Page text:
Helping children exposed to toxic stress


But they aren’t the only children whose lives are changed by the trauma inflicted by racism. Dae’Anna Reynolds wasn’t shot and killed by an officer, but she was in the car as her mother’s boyfriend, Philando Castile, died before her eyes.

Jordan Rogers was just trying to raise money for a trip to Disneyland for her family when police were called on her for selling water. And then there is Davianna Simmons. Police raided her home in Chicago based on a false tip and proceeded to slam her handcuffed mother against the wall and point a loaded gun at her grandmother’s head.

Like any three-year-old would do who doesn’t understand what is going on, she started screaming. So, an officer pointed a loaded gun at her just inches from her chest.

These children have all experienced a form of trauma called toxic stress, in this case due to systemic racism. Over time, toxic stress can damage the body and lead to long-term impacts on health, so it is important we all recognize signs and symptoms and help get our children the support they need.

Stress: positive, tolerable and toxic

Stress is often seen as coming from situations like having too much work to do in too little a time, not having enough money, or dealing with struggles in family or personal relationships. For children, their stress generally comes from pressure to do well in school or sports and social situations at school or in the neighborhood.

Some stress is good as it helps children develop the capacity to manage situations, navigate conflict, and build confidence. This “positive” stress, though, is by definition brief and mild, allowing for the body’s stress response to not overwhelm other functions.

Tolerable stress results from situations that are more severe (like the death of a loved one), but children are able to navigate as long as they have a safe, stable, nurturing relationship with an adult. Toxic stress, on the other hand, is an extreme or prolonged situation that activates the body’s stress response system and leads to harmful changes in the body, particularly in children who are still developing.

Chronic situations like not having enough to eat, not knowing where you will be sleeping that night, or feeling unsafe due to police or community violence, create toxic stress. The stress is even more harmful if there are no safe, stable and nurturing adult relationships in a child’s life.

After a year of COVID-19, a month of the Chauvin trial, and weeks of the aftermath of Daunte Wright’s murder, we’ve all been exposed to toxic stress. As adults it has been impossible to escape the reality of how racism continues to impact our lives each and every day, and our children pick up on this, even from a very young age.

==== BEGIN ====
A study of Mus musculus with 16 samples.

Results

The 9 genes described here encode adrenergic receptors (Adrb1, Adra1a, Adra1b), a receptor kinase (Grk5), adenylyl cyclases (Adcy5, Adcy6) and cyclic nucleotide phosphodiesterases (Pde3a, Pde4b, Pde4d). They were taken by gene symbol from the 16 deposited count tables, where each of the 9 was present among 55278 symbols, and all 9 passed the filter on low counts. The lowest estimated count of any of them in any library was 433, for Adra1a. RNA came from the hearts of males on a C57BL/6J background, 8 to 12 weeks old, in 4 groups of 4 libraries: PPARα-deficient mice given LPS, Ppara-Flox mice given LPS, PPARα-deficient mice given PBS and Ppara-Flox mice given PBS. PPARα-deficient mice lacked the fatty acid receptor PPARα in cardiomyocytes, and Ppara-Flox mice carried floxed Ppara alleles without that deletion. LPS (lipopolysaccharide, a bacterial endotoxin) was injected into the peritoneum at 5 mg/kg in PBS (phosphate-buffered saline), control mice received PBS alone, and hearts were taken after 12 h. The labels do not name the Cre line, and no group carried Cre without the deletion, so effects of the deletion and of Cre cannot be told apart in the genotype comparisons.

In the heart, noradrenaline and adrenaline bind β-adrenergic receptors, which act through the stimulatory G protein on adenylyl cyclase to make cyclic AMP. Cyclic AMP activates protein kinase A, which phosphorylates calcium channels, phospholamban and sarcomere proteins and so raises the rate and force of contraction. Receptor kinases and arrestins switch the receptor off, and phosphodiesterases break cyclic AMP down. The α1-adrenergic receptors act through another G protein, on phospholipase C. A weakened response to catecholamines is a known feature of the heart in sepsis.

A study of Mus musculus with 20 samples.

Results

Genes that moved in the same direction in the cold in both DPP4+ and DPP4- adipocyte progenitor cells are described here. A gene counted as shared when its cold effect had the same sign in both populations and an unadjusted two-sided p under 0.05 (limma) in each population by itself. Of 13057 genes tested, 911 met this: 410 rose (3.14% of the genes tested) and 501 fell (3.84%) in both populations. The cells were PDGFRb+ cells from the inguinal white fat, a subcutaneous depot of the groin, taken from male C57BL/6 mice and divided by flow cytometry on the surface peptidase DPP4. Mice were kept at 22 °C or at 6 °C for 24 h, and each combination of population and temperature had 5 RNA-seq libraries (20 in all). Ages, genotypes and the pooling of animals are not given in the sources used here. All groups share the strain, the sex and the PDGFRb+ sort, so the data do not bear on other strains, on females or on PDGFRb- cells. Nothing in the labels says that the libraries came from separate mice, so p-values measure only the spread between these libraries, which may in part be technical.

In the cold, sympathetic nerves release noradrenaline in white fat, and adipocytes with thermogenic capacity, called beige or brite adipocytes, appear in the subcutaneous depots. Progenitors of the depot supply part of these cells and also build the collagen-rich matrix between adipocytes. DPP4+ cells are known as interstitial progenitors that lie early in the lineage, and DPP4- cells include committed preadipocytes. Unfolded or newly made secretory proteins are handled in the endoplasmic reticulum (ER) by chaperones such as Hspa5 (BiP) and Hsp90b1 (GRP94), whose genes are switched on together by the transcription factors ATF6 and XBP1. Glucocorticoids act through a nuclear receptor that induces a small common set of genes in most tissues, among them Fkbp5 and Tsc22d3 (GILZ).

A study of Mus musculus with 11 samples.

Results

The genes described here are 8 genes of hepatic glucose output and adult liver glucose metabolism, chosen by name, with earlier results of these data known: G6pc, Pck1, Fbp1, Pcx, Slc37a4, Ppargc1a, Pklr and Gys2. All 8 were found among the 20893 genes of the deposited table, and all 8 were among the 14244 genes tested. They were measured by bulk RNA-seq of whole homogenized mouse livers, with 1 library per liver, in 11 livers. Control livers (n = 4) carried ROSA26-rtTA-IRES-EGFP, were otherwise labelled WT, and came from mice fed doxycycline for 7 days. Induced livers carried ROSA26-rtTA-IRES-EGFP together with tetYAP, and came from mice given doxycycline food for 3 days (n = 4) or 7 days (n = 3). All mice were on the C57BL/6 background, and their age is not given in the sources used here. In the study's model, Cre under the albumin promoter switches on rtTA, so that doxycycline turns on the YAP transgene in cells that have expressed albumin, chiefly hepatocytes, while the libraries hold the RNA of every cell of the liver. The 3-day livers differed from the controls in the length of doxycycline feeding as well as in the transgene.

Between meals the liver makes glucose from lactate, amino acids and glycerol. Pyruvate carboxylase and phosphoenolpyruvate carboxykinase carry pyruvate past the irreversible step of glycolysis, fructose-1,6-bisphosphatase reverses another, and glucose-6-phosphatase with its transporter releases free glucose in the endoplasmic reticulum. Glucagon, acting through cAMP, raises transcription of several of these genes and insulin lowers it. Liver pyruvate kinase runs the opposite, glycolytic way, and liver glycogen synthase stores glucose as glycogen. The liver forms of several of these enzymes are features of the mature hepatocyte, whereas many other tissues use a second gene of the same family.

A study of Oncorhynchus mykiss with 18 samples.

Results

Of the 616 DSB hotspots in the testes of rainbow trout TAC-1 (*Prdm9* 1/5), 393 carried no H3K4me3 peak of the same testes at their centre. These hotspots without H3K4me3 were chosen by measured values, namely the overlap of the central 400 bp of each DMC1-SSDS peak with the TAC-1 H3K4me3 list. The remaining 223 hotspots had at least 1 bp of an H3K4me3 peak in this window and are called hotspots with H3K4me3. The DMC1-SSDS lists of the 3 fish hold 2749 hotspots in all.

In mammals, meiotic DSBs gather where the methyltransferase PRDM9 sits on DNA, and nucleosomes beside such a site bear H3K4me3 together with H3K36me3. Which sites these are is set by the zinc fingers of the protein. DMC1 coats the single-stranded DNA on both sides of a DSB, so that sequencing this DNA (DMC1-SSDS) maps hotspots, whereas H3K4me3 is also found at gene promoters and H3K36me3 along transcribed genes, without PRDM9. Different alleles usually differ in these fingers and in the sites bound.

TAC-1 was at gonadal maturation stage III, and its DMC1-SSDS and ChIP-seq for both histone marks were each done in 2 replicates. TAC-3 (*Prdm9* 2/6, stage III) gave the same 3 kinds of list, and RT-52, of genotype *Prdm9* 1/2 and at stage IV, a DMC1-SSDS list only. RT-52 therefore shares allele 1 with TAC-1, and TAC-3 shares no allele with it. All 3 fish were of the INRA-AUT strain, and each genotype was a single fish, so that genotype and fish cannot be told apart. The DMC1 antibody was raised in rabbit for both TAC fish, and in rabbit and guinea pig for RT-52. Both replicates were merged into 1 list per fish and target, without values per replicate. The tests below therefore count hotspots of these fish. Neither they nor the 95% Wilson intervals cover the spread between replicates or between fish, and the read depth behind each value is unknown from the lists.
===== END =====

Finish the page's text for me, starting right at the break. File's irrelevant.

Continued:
As a parent or caregiver we should be talking with our children about themes of injustice, structural racism, White Supremacy, and how these have played out in why police killings happen and what drives protests to take place. Framing the violence is important.

Most of the violence is actually being carried out by the police. Most of the protests are peaceful. Instead of saying it’s horrible that a Black man has been murdered but the property damage needs to stop, we should be saying it’s horrible that there is property damage but the murder of Black men and women needs to stop.

Age is a consideration

The conversation does need to be different based on age. We know children start to internalize differences in people based on their skin color and how they’re treated as early as age three. But how you talk to a three-year-old will be very different than a 13-year-old.

For toddlers and preschool-age children, I recommend keeping it concrete. For our youngest children, talk about the emotions. Why what happened makes Mom or Dad sad or angry. Why other people may be feeling and acting the way they are.

School-age children benefit from talking about the history of institutions like slavery and Jim Crow laws and how that impacts the unfairness we see today. For teenagers, in-depth conversations about our country’s history of racism and White Supremacy are important, but it also is a conversation where you can highlight what allyship looks like and highlight the actions of allies. I refer families to the American Academy of Pediatric’s resources (see below).

Finally, if you have concerns about your children’s emotional health or behavior, have them see their pediatrician. We are seeing more children have difficulty with anxiety and depression. Your physician can help you and your child create a plan to get back to health.

And if situations arise before you can get in to your doctor, there are a number of crisis hotlines you can call. I recommend starting with either the Minnesota crisis text line (text MN to 741741) or calling your local county crisis team (call **274747), both available 24 hours a day, seven days a week.

I especially highlight the county crisis teams; the last thing we want to do is call the police to respond to a mental health crisis, particularly one they may have caused in the first place. We don’t need to add any more of our children’s names to that list.

For more on the American Academy of Pediatric’s resources, visit, EmbraceRace (

Dr. Nathan T. Chomilo is medical director for the State of Minnesota’s Medicaid/Medical Assistance & MinnesotaCare programs and practices as a general pediatrician in Brooklyn Center with Park Nicollet. He is a board member of the Minnesota Chapter of the American Academy of Pediatrics and an adjunct assistant professor of pediatrics at the University of Minnesota Medical School. He lives in Minneapolis with his wife and son.